Center for Strategic Communication

The Turkistan Islamic Party, an al Qaeda-affiliated terror group, has released a video that shows young children firing weapons while at a training camp in Pakistan.

The video was released by Islami Awazi, a propaganda arm of the Turkistan Islamic Party. A clip of the video was published on the LiveLeak video website.

In the video, the children, some of whom appear to be no older than six, are shown firing handguns, AK-47 assault rifles, and a PKM machine-gun from various positions. At one point, 13 children are seen on line, firing AK-47s while standing and lying down.

As the children fire their weapons, the black flag of the Taliban and a light blue banner used by the Turkistan Islamic Party can be seen flying in the background.

The video is similar to others released by allied jihadist groups such as the Movement of the Taliban in Pakistan, the Islamic Jihad Group, and a jihadist alliance called the Fedayeen-i-Islam. All of these groups are known to run camps in North and South Waziristan that train children.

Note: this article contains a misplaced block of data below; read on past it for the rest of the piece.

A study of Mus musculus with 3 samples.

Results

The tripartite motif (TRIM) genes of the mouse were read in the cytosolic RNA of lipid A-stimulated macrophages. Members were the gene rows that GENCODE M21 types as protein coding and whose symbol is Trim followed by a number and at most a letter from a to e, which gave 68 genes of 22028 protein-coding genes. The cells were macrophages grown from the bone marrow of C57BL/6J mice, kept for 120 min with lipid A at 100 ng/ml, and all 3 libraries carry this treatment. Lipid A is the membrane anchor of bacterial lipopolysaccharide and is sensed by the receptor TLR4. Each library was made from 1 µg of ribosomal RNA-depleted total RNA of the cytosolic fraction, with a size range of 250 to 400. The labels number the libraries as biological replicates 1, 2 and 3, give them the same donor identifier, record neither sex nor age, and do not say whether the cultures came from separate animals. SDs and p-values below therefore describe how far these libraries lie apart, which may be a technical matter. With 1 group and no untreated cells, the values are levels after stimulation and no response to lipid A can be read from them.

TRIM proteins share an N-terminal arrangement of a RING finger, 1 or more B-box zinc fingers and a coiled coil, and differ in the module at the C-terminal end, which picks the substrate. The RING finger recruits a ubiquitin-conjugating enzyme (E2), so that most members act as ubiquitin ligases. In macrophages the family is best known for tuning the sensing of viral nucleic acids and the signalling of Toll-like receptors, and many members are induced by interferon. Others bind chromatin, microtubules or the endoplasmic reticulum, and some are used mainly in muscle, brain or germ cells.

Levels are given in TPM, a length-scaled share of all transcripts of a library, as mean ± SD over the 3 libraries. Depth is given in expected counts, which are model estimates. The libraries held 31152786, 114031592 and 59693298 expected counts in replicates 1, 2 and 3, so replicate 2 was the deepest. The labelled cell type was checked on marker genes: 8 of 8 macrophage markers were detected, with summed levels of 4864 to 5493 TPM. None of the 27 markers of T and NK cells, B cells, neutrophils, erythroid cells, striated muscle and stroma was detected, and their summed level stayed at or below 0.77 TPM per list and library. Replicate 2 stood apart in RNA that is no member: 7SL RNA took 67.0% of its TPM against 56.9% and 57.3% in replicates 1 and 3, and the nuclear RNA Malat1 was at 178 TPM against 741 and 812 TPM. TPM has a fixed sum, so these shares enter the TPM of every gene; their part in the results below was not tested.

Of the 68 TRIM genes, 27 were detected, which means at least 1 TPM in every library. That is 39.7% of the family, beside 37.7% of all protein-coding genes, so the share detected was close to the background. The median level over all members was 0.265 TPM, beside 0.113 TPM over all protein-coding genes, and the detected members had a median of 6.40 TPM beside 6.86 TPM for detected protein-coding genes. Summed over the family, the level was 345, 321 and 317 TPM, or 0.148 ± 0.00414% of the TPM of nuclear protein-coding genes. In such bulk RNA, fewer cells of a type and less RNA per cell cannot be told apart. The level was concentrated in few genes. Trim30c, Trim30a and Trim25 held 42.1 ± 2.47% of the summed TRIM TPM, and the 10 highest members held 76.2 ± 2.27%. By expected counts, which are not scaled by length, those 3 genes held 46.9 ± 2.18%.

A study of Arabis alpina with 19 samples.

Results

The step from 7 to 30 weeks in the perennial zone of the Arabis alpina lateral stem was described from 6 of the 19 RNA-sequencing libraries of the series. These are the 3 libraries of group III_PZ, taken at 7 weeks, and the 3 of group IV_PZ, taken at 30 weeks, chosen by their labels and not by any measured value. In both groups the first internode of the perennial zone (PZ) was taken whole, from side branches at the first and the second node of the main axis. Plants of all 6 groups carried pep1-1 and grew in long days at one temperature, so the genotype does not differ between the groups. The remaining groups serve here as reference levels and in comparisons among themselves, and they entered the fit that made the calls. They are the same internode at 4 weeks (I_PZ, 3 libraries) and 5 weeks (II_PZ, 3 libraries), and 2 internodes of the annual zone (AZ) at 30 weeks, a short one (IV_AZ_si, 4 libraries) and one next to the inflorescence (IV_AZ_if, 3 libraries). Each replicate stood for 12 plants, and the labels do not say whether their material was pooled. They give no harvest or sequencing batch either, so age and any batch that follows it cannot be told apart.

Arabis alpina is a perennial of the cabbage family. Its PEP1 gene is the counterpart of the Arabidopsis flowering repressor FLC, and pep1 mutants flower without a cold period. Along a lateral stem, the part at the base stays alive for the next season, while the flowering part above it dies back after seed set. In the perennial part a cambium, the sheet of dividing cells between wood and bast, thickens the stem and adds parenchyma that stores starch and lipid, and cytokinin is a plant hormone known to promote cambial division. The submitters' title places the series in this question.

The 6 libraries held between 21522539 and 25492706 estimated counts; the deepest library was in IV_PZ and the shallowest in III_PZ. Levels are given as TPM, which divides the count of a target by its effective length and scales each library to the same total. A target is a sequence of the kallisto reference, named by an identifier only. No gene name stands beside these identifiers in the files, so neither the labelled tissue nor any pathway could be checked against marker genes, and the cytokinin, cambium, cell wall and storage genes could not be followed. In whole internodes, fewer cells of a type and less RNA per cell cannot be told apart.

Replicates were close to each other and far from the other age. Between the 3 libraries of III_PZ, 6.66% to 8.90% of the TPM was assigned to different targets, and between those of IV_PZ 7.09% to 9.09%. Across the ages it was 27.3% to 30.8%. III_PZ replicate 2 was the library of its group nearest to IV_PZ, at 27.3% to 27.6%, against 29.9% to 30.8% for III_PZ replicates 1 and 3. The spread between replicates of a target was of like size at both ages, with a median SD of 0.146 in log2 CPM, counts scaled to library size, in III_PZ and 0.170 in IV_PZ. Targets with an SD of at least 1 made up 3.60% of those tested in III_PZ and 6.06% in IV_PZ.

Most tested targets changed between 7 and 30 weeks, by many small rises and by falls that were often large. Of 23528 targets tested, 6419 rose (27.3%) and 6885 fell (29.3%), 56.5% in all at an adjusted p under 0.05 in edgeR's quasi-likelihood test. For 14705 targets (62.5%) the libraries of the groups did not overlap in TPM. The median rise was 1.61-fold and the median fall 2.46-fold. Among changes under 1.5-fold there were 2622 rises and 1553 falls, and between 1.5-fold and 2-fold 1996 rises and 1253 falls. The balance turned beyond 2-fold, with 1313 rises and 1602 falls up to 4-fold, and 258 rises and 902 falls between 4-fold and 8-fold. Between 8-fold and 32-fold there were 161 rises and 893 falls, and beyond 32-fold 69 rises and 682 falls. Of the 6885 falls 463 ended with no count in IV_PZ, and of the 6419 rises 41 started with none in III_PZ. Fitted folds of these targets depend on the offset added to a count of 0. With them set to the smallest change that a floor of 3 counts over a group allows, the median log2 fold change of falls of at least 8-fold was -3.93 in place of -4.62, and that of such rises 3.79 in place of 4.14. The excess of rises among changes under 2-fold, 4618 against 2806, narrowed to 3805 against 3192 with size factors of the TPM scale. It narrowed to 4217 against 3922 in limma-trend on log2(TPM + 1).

The Turkistan Islamic Party operates in China as well as Central and South Asia and is thought to have scores of fighters in Pakistan’s tribal areas and in Afghanistan. TIP fighters have been killed by Coalition forces in Afghanistan and by US drone strikes in Pakistan. Abu Ubaydah Abdullah al Adam, a senior al Qaeda leader who serves as the terror group’s intelligence chief, has written several biographies for TIP fighters killed in Pakistan and Afghanistan.

The group’s leaders also hold senior positions in al Qaeda. Abdul Haq al Turkistani, the slain former leader of the Turkistan Islamic Party, was a member of al Qaeda’s Shura Majlis, or executive council. And Abdul Shakoor al Turkistani, who was rumored to have been killed in a drone strike last year, is also thought to have been appointed to the Shura Majlis, in addition to being designated commander of al Qaeda forces in the tribal areas.

Prior to the US invasion of Afghanistan in October 2001, Abdul Haq ran a training camp for his recruits at al Qaeda’s camp in Tora Bora in Afghanistan’s Nangarhar province [see LWJ report, The Uighurs in their own words]. He later reestablished camps for the Turkistan Islamic Party in Pakistan’s lawless, Taliban-controlled tribal areas. Twenty-two Turkistan Islamic Party operatives were ultimately captured and detained at the Guantanamo Bay detention facility; since then, 17 of them have been released or transferred to allied governments, and five have been approved for release but have refused resettlement in volunteer countries.